There is an ancient proverb that recommends lighting a candle instead of deploring the darkness, and this sage advice can apply to the business model of training a company’s internal talent pool.
Companies that look to their own talent pool – even those employees at the front lines – have found that with training and post-secondary education, many employees are able to take on new roles and responsibilities.
Understanding the Extent of the Problem
A statistical survey developed by talent-consulting firm Lee Hecht Harrison shows that 3 percent of a 400-company sample have a “non-existent” talent pipeline, and nearly a third reported that their talent development was “poor.”
In the coming year, nearly 70 percent of companies plan to initiate internal programs to improve the talent flow. However, most of them intend to discuss career options with employees during the annual employee review process. Some have found that using career maps with employee advising is a more productive way to get into specific conversations that produce a win-win.
Taking Steps to Unclog the Pipeline
Employees at all levels can contribute to the success of companies by taking on critical roles. Establishing and nourishing a pool of talent that supplies the best person for a job helps ensure that opportunities for revenue are maximized.
Forbes Insights includes the enhancement and development of talent as one of the most distinct challenges that companies face (insert link here). Partnering with colleges and universities to develop new courses or to refine existing ones can help employers enrich their talent pool.
Following an Educational Trend
A new trend the Huffington Post calls “upskilling” confronts the stalemate created by jobs that demand skills that workers don’t currently have. By encouraging employees to earn postsecondary credits, companies can help them qualify for better-paying jobs. This improves the quality of the talent pool and can help employers fill open slots –producing a market edge.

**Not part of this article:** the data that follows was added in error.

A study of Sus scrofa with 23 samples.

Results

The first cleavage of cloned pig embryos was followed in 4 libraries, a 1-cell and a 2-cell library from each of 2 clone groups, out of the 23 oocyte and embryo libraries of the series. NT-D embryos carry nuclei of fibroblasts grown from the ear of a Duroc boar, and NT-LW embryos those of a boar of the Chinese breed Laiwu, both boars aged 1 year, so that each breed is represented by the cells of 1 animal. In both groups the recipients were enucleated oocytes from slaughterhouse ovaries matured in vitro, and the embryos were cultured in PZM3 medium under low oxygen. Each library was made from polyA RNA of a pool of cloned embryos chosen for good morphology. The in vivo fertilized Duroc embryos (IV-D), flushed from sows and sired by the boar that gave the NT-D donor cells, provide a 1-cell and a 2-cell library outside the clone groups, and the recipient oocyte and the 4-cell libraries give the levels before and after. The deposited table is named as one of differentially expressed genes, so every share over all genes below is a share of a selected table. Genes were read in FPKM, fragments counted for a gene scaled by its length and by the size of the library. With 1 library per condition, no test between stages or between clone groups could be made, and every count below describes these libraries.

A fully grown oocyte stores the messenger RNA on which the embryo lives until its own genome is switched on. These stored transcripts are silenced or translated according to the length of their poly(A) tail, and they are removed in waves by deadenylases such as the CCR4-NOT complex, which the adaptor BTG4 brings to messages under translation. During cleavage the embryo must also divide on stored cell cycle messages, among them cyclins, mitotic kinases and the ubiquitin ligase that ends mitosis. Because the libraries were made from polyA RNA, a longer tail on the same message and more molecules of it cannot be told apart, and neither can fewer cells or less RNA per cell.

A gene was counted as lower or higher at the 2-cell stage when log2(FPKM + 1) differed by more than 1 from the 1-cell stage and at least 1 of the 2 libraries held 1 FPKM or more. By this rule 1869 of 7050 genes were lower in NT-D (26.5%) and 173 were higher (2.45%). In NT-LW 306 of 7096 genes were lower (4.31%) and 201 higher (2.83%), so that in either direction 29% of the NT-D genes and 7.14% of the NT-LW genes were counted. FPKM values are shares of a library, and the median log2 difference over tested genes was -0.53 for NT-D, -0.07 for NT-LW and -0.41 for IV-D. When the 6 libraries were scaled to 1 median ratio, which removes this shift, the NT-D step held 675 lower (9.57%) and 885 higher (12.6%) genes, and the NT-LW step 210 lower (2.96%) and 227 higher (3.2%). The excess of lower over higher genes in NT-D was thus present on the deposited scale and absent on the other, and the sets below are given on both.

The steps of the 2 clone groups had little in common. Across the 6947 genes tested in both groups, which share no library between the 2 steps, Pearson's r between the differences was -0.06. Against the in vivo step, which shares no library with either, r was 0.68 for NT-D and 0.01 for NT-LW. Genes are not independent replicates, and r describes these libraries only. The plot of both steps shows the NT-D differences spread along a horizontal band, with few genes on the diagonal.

Postsecondary training provides credentials through certifications and work-based apprenticeships as well as degree programs. Credentialing programs benefit workers by providing an opportunity to learn new skills that lead to better jobs and higher wages. Companies can partner with colleges and technical schools to make a stream of talent available.
Employers receive financial benefits by saving on recruitment costs that may amount to an average of $4,000 for all categories of workers, according to the Institute for Research on Labor and Employment at the University of California at Berkeley. Employees who are already on board also have experience in working for the company, reducing the time required to learn a new institutional culture.
In addition, identifying and assessing talents and skills give companies an opportunity to provide recognition. This inspires employee enthusiasm and renews interest in their work.
In the midst of battle, Shakespeare's King Richard III famously said “A horse, a horse, my kingdom for a horse” when he could not find one. Many employers looking for someone to perform in the midst of pressure may find the answer within their current workforce.